The challenge of misunderstandings in long-distance interconnections: Encounters,
exchange and disparities in African history
Susann Baller (IHA Paris-Dakar), email@example.com
Amadou Dramé (UCAD Dakar), firstname.lastname@example.org
This panel considers situations of long-distance interconnections in African history which
produced not only encounters and exchange, but also disparities and misunderstandings. The panel explores both “creative misunderstandings” in such contexts as well as the challenge of misunderstandings when incomprehension may turn into ignorance.
This panel explores long-distance interconnections in African history by focusing on
situations of misunderstandings. We invite papers which consider travelers, traders, or other social actors who moved around long distances and who encountered situations of
incomprehension and misinterpretation. Papers may focus on the experience of those who
moved, and/or of those they met on their way, and/or on those who tried to trace or control their journey. Each approach can be situated in a “contact zone” (Pratt), where people “meet, clash and grapple with each other” in contexts of uneven power relations, and each approach can offer insights of how these encounters may have led to misunderstandings.
However, this panel wishes to go beyond the colonial encounter and analyze also other
interactions of people on the move within Africa or between Africa and other continents,
which may include precolonial encounters or those during decolonization and ndependence. Thus, not only explorers, missionaries or colonial administrators were facing the challenge of misunderstandings, but also traders, political or religious leaders, students or business people. Moreover, while papers are welcome to look at the possibilities of “creative misunderstandings”, the panel also wants to highlight the challenge of misunderstandings when incomprehension blocks any further comprehension.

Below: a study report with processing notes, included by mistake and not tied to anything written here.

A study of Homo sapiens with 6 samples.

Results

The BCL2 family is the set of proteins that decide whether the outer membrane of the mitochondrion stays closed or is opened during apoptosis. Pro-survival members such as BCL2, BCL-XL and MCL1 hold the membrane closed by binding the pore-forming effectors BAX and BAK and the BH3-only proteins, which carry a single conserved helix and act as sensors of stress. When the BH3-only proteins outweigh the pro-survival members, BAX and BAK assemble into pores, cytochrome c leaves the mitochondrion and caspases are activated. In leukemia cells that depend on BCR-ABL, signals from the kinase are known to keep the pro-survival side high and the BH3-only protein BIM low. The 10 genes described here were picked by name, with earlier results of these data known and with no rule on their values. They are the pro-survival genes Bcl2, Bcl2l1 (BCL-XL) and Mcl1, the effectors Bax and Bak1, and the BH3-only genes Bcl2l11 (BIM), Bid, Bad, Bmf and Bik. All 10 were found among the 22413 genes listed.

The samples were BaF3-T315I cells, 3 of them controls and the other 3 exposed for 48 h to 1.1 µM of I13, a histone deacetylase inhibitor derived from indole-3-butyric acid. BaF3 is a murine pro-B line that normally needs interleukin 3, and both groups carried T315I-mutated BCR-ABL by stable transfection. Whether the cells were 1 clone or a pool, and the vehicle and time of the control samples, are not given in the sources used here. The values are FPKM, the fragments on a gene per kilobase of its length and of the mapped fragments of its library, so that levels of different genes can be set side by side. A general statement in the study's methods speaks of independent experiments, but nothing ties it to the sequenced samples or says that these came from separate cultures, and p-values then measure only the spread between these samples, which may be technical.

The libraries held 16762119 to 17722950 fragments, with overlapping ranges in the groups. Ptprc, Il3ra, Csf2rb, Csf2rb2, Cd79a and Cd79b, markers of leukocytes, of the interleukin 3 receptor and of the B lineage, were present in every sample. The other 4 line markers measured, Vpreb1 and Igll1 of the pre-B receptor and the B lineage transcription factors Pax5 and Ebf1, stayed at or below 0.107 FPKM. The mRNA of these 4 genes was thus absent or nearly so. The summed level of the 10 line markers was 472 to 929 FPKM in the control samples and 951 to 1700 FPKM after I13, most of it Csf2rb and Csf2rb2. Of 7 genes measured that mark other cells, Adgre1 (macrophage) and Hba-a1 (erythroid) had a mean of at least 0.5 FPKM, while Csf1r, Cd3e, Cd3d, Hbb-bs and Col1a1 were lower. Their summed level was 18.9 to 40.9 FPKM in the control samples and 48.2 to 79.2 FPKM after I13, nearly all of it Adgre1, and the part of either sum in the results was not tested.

Throughout African history, many examples show that encounters not always produced new ways of understanding, but rather misapprehensions, disregard and ignorance. Reasons for these misunderstandings were multiple: sometimes information was just missing, often prejudices were involved, and usually different languages interacted, all contributing to the challenge of (mis)understanding. Papers may reflect on such reasons, but are also invited to consider the consequences of misunderstanding, which may reach from (false) accusations to breaking relations, but also include complicated communication and negotiating meaning. Misunderstandings are understood in this context as a challenge which social actors on the move encounter and deal with, but may not always solve.